Legal and Regulatory

What Next? Key Steps Following a Structural Collapse or Other Crisis Caused by Defective Work

Resolving the complex, multifaceted issues when catastrophic construction failure occurs requires comprehensive analysis, perseverance and counsel from knowledgeable and experienced professionals.
By Daniel Kapner
May 23, 2018
Legal and Regulatory

After a bridge collapse in Miami shook the Florida International University campus on March 15, the reverberations in the community began immediately. Scheduled to open in 2019, the FIU bridge collapsed during construction. News reports suggest that either a load test or post-tensioning cables were being tightened immediately before the collapse.

Immediately following the collapse, governmental investigations commenced, multiple parties began preparing for and filing lawsuits, and the parties involved began asking hard questions about whether the structural failure was caused by design flaws, construction flaws or both.

The investigation into what caused the FIU pedestrian bridge to collapse across six lanes of traffic has put the spotlight on contractors, subcontractors, inspectors, engineering and design firms, and their insurers. Resolving the complex, multifaceted issues arising from such a major structural failure requires comprehensive analysis, perseverance and counsel from knowledgeable and experienced professionals.

Based on the firm’s experience in similar matters involving defective construction and design failures, long and challenging legal disputes lie ahead. Following are three key points for parties involved in such catastrophic failures to consider.

1. Begin Immediately to Scope Out the Potential Legal and Liability Issues

Understanding and analyzing the facts in detail with a comprehensive, well-documented forensic investigation is the most critical aspect in determining the future course of action. Creating a detailed timeline of events, retaining top experts capable and experienced in forensic analysis and expert testimony, gathering as much information as possible and analyzing it and establishing critical activities must be undertaken.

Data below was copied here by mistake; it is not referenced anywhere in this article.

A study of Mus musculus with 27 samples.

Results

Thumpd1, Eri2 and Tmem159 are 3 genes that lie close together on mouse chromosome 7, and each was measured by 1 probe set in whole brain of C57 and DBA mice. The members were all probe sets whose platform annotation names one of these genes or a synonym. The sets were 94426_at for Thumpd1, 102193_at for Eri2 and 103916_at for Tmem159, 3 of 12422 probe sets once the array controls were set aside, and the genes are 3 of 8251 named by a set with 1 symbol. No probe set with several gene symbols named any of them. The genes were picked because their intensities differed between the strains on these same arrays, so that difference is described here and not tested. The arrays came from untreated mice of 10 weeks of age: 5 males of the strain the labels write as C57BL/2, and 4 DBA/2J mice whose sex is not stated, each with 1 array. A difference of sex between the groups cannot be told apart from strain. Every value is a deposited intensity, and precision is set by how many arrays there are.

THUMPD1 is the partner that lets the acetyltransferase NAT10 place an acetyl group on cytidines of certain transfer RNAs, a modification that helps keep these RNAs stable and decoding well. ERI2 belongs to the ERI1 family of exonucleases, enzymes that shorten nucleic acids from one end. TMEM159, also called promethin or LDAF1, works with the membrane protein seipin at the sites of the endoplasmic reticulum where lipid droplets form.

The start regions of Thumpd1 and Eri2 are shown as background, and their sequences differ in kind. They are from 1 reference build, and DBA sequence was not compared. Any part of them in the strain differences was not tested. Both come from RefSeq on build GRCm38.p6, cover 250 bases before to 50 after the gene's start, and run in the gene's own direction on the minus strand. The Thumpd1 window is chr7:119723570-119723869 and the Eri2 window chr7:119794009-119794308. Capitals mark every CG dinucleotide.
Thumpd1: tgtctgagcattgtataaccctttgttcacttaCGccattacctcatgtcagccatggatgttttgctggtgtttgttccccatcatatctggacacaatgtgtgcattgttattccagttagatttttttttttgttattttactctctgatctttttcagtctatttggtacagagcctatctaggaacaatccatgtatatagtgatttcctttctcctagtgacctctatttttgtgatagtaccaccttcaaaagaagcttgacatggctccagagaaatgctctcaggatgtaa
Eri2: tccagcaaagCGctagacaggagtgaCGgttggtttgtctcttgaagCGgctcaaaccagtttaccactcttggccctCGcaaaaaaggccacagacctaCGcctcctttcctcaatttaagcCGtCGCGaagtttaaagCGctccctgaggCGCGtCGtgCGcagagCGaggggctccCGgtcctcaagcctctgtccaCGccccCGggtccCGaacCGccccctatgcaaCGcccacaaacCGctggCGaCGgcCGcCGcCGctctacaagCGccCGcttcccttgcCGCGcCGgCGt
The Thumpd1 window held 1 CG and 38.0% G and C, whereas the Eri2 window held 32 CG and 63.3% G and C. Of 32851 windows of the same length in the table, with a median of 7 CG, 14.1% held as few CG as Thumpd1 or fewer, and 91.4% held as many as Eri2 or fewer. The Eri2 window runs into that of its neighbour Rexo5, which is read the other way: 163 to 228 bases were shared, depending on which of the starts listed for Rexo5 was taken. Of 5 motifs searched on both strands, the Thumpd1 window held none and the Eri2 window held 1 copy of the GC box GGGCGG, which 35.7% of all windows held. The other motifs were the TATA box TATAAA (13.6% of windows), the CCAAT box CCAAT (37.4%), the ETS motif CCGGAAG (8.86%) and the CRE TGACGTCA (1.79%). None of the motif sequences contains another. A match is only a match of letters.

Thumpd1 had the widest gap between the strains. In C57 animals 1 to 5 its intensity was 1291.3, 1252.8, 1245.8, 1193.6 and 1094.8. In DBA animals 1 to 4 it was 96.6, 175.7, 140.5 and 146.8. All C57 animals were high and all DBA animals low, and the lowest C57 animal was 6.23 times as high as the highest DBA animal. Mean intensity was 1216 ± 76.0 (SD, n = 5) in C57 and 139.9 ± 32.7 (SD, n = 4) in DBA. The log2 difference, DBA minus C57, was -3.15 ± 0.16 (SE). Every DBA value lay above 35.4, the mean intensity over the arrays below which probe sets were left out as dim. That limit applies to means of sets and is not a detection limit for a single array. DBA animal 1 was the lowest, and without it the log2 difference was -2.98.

2. Never Underestimate the Importance and Complexity of Insurance Issues

One cannot overstate the importance of a careful review of all insurance policies, identification of potential coverage issues and their analysis. Developing a strategy to maximize both obtaining coverage of defense costs and coverage of liability should be a paramount early objective.

3. Know Who's on Your Side

Identify the scope and type of representations required (lawyers, executives, accountants, etc.) and retain professionals with extensive experience on insurance and construction issues. Carefully select professionals who have been through these types of battles before and understand what to do and when.

A warning: during the early stages of an investigation, it is easy to be ensnared by a common pitfall - until the facts are known and what the company’s position is, do not publicly share statements that might have to be backtracked later. Clearly understand where the company stands and be aware of what isn’t known.

By performing a comprehensive analysis of the potential issues, including the quality of the design, construction, cause of the incident, available insurance-coverage and getting the right resources on the company’s side, construction project participants will increase their chances of success in resolving the myriad issues that will arise from a catastrophic construction failure.

by Daniel Kapner
Daniel A. Kapner, Esq. is a member of Shapiro, Lifschitz & Schram’s construction law, litigation and trial, and power and energy groups. Mr. Kapner has significant experience advising owners, contractors, and other clients to help achieve solutions to complex construction disputes. Prior to joining Shapiro, Lifschitz & Schram, Mr. Kapner was an associate at White & Case LLP where he represented foreign sovereigns and private entities in arbitrations involving international construction and foreign investment projects.